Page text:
Optimized for performance
Retail stores don't want to deal with skincare products that have a shelf life of less than 30 months. That's why cosmetics companies that rely on selling in these stores have to play by their rules. At Ostelia we sell directly to our customers and choose not to compromise.
Things like mineral oil might last for years, but that isn't the case with most other complex ingredients and formulations. Antioxidants, retinoids and high linoleic oils are just some of the examples of ingredients that don't have a long shelf life.
By committing to fresh, we are able to design formulas that include the highest performing rather than "stable" ingredients and increase the number of functional components by reducing the volume of stabilizers and preservatives.
Don't blame yourself for your "sensitive" or "prone to breakout" skin when it might be not your genes' fault at all! An extra-long shelf life and compromised packaging can make cosmetic products degrade before you even open the bottle.
When oil and water are mixed together as in a lotion or cream, oxidative processes go much faster, even if the bottle is fully sealed. As a result of oxidation, oils break down into various toxic components and can cause allergies or sensitivity. Unfortunately, without ongoing lab testing, it is often impossible to tell whether the product is still safe after any time spent on the shelf.
When cosmetics companies are doing the stability testing, most test results look for microbial growth and separation of water and oil. The testing to verify how many oxidative components have formed or whether the active ingredients are still intact is much more expensive and seldom or never performed. The default rule of thumb in the industry is: if it smells fine and looks fine, it passes.
Applying an already rancid oil on your face and going under the sunlight is one of the worst things to put your skin through. Instead of nourishing your skin it damages skin cells.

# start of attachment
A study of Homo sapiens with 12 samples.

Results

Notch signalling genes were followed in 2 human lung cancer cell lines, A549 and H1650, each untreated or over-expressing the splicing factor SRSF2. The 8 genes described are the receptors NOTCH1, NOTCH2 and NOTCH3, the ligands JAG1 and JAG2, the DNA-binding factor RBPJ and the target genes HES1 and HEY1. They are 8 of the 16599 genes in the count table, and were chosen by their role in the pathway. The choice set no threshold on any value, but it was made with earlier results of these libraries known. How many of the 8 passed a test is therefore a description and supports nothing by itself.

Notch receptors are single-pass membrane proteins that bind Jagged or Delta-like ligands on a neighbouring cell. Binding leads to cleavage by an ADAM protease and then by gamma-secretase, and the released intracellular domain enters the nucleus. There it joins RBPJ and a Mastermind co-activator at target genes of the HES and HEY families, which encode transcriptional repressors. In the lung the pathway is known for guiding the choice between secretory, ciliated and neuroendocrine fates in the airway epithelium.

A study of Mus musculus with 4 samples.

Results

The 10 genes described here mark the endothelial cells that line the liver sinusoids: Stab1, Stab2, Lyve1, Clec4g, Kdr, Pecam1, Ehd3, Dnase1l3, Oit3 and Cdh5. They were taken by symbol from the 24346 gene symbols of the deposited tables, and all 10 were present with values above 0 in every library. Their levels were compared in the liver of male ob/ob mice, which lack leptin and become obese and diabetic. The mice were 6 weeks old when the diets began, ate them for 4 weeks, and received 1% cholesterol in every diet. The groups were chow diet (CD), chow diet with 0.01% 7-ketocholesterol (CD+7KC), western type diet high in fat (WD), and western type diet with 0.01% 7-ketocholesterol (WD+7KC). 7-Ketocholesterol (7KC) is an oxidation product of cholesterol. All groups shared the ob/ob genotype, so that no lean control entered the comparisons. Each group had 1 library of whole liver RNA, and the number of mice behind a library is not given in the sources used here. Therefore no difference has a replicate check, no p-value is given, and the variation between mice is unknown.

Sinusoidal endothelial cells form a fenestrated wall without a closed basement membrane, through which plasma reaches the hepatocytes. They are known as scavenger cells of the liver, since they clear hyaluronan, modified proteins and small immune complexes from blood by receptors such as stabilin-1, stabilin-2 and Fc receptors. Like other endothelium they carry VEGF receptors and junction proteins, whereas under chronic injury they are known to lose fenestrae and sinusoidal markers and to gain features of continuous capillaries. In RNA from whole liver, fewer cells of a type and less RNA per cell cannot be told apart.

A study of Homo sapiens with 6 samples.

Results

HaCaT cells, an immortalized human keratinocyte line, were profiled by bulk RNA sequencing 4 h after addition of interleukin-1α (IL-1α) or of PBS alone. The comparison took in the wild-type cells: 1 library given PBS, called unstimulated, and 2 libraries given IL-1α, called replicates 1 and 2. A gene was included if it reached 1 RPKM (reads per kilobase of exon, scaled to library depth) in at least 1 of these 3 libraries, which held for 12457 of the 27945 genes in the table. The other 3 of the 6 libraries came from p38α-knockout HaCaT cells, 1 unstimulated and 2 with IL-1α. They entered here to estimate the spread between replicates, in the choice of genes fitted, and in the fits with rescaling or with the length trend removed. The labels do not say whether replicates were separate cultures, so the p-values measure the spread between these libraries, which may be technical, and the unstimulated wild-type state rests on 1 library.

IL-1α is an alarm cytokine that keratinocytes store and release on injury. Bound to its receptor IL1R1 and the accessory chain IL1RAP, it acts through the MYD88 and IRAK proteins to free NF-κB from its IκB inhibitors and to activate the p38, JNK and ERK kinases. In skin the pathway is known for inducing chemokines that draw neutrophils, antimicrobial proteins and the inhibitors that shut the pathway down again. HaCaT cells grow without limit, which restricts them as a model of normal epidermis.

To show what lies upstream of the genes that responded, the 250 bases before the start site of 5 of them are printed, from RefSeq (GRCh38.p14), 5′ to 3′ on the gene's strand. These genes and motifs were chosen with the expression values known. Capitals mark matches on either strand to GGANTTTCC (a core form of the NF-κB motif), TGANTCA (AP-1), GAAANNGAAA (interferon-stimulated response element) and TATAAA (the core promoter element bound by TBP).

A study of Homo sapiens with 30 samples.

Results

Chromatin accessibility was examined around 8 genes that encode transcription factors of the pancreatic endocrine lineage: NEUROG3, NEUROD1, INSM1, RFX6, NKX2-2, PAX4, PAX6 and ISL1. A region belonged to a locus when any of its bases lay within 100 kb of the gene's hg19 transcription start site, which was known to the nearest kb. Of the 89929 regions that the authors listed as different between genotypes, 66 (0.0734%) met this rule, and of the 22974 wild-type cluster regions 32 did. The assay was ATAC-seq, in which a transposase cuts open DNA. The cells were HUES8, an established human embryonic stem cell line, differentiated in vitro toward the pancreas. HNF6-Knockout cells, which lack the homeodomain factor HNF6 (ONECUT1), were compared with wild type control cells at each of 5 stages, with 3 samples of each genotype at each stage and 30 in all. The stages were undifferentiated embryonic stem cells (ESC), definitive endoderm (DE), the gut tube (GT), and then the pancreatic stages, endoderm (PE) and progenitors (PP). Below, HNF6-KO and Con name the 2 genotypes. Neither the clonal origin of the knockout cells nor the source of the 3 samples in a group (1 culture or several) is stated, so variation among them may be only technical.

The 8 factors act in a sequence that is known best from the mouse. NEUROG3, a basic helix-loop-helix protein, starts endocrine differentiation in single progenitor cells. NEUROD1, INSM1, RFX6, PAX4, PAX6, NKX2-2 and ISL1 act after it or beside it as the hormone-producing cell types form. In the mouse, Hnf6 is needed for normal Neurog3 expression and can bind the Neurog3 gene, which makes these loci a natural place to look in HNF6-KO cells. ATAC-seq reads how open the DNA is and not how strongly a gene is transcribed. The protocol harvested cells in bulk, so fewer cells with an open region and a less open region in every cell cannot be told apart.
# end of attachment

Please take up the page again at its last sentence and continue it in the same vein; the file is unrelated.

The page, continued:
Convenience & transparency
As surprising as it might sound, the United States and EU governments do not regulate cosmetic products as strictly as drugs or food. Therefore, they aren’t required to post expiration dates on product packaging if the shelf life is over 30 months.
Even when the product is properly designed and remains safe after 2.5 years, how would you know that it was nearing its expiration date? Some websites offer to check the manufacturing date by the product's batch code, but that’s a lot of hassle to go through. moreover not every manufacturer even supports this sort of a check.
Last but not least, even if manufacturers and retails stores did everything right and you’ve got a product that was still fresh, how can you make sure it stays that way after you buy it? Sometimes, it is purchased as a backup and spends some time on a shelf at home before it's opened. Or, maybe you’ve even opened it, but don’t remember when exactly. When there is nothing on a bottle that gives you a clue, it is very easy to convince yourself that “maybe it was just a couple of months ago,” especially when you paid a lot for a tiny bottle.